Simply Wall St

Today we are going to look at A.G. BARR p.l.c. (LON:BAG) to see whether it might be an attractive investment prospect. In particular, we'll consider its Return On Capital Employed (ROCE), as that can give us insight into how profitably the company is able to employ capital in its business.

First up, we'll look at what ROCE is and how we calculate it. Next, we'll compare it to others in its industry. Last but not least, we'll look at what impact its current liabilities have on its ROCE.

Understanding Return On Capital Employed (ROCE)

ROCE measures the amount of pre-tax profits a company can generate from the capital employed in its business. In general, businesses with a higher ROCE are usually better quality. In brief, it is a useful tool, but it is not without drawbacks. Author Edwin Whiting says to be careful when comparing the ROCE of different businesses, since 'No two businesses are exactly alike.

So, How Do We Calculate ROCE?

Analysts use this formula to calculate return on capital employed:

Return on Capital Employed = Earnings Before Interest and Tax (EBIT) ÷ (Total Assets - Current Liabilities)

Or for A.G. BARR:

0.18 = UK£41m ÷ (UK£299m - UK£65m) (Based on the trailing twelve months to July 2019.)

So, A.G. BARR has an ROCE of 18%.

Check out our latest analysis for A.G. BARR

Is A.G. BARR's ROCE Good?

When making comparisons between similar businesses, investors may find ROCE useful. It appears that A.G. BARR's ROCE is fairly close to the Beverage industry average of 15%. Regardless of where A.G. BARR sits next to its industry, its ROCE in absolute terms appears satisfactory, and this company could be worth a closer look.

You can see in the image below how A.G. BARR's ROCE compares to its industry. Click to see more on past growth.

LSE:BAG Past Revenue and Net Income, December 22nd 2019

When considering ROCE, bear in mind that it reflects the past and does not necessarily predict the future. ROCE can be misleading for companies in cyclical industries, with returns looking impressive during the boom times, but very weak during the busts. ROCE is only a point-in-time measure. Since the future is so important for investors, you should check out our free report on analyst forecasts for A.G. BARR.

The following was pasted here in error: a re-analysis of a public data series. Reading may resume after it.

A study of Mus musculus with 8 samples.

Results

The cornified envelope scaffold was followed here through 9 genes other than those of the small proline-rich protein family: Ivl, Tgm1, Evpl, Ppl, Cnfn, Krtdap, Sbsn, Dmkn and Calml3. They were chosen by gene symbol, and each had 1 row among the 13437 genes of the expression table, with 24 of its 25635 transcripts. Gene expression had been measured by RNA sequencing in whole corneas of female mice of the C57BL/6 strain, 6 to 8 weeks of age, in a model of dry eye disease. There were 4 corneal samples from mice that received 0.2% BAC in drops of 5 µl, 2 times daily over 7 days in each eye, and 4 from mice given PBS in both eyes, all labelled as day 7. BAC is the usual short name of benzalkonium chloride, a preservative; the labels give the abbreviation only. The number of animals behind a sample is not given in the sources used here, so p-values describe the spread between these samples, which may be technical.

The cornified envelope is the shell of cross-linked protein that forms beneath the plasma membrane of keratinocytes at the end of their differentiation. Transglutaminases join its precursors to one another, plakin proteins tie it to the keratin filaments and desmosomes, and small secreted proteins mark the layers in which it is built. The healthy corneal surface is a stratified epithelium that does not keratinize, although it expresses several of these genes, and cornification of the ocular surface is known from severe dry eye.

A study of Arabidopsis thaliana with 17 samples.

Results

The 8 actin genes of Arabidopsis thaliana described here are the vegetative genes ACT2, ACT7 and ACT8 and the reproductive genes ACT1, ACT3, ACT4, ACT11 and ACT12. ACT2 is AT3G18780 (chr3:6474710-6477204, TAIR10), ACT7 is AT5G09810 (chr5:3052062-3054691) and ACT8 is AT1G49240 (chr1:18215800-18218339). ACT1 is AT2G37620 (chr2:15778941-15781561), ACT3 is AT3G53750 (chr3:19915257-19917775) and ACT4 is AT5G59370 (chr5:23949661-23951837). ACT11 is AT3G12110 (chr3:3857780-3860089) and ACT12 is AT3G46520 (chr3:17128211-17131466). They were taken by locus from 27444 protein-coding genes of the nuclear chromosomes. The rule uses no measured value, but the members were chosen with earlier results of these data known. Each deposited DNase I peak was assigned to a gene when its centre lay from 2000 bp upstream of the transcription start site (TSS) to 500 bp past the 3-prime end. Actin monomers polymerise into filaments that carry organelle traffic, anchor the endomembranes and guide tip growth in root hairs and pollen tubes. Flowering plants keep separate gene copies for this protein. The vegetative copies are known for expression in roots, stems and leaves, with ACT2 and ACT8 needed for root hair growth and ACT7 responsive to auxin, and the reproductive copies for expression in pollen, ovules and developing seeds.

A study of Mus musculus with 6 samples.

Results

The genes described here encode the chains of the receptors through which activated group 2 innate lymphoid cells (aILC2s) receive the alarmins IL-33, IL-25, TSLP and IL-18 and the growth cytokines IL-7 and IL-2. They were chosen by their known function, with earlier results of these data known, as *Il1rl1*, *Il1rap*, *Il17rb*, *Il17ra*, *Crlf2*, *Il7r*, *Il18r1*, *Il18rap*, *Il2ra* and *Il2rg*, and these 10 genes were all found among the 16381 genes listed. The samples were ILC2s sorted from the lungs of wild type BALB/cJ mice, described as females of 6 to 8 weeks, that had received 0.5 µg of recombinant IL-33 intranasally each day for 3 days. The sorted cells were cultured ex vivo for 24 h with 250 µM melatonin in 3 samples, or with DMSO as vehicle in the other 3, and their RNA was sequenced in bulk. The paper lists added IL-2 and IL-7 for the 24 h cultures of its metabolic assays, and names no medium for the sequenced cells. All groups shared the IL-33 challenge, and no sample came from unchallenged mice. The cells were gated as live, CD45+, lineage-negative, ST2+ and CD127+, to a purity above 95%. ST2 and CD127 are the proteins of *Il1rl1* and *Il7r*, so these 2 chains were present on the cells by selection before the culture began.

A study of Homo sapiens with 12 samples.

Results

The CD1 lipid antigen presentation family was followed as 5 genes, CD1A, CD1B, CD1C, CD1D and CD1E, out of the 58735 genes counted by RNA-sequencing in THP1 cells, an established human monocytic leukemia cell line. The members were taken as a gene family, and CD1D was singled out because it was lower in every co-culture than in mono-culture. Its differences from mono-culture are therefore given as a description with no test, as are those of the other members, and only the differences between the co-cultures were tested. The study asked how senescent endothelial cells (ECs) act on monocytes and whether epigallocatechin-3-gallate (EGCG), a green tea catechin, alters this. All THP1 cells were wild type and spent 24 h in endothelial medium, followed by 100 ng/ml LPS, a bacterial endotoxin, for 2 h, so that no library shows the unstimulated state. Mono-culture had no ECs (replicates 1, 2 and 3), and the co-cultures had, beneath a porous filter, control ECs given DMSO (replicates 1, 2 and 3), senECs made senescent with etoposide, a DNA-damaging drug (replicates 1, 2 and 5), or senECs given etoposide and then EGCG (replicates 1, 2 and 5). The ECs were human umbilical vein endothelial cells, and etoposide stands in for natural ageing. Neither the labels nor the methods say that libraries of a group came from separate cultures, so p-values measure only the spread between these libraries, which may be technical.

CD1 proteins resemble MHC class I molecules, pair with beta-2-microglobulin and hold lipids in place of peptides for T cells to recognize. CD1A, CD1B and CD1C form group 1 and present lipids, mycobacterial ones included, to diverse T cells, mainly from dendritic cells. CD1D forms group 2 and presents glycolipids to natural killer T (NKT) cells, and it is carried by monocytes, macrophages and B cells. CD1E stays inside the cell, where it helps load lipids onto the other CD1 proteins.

A.G. BARR's Current Liabilities And Their Impact On Its ROCE

Liabilities, such as supplier bills and bank overdrafts, are referred to as current liabilities if they need to be paid within 12 months. Due to the way ROCE is calculated, a high level of current liabilities makes a company look as though it has less capital employed, and thus can (sometimes unfairly) boost the ROCE. To check the impact of this, we calculate if a company has high current liabilities relative to its total assets.

A.G. BARR has total assets of UK£299m and current liabilities of UK£65m. Therefore its current liabilities are equivalent to approximately 22% of its total assets. Current liabilities are minimal, limiting the impact on ROCE.

Our Take On A.G. BARR's ROCE

With that in mind, A.G. BARR's ROCE appears pretty good. A.G. BARR looks strong on this analysis, but there are plenty of other companies that could be a good opportunity . Here is a free list of companies growing earnings rapidly.

I will like A.G. BARR better if I see some big insider buys. While we wait, check out this free list of growing companies with considerable, recent, insider buying.

If you spot an error that warrants correction, please contact the editor at editorial-team@simplywallst.com. This article by Simply Wall St is general in nature. It does not constitute a recommendation to buy or sell any stock, and does not take account of your objectives, or your financial situation. Simply Wall St has no position in the stocks mentioned.

We aim to bring you long-term focused research analysis driven by fundamental data. Note that our analysis may not factor in the latest price-sensitive company announcements or qualitative material. Thank you for reading.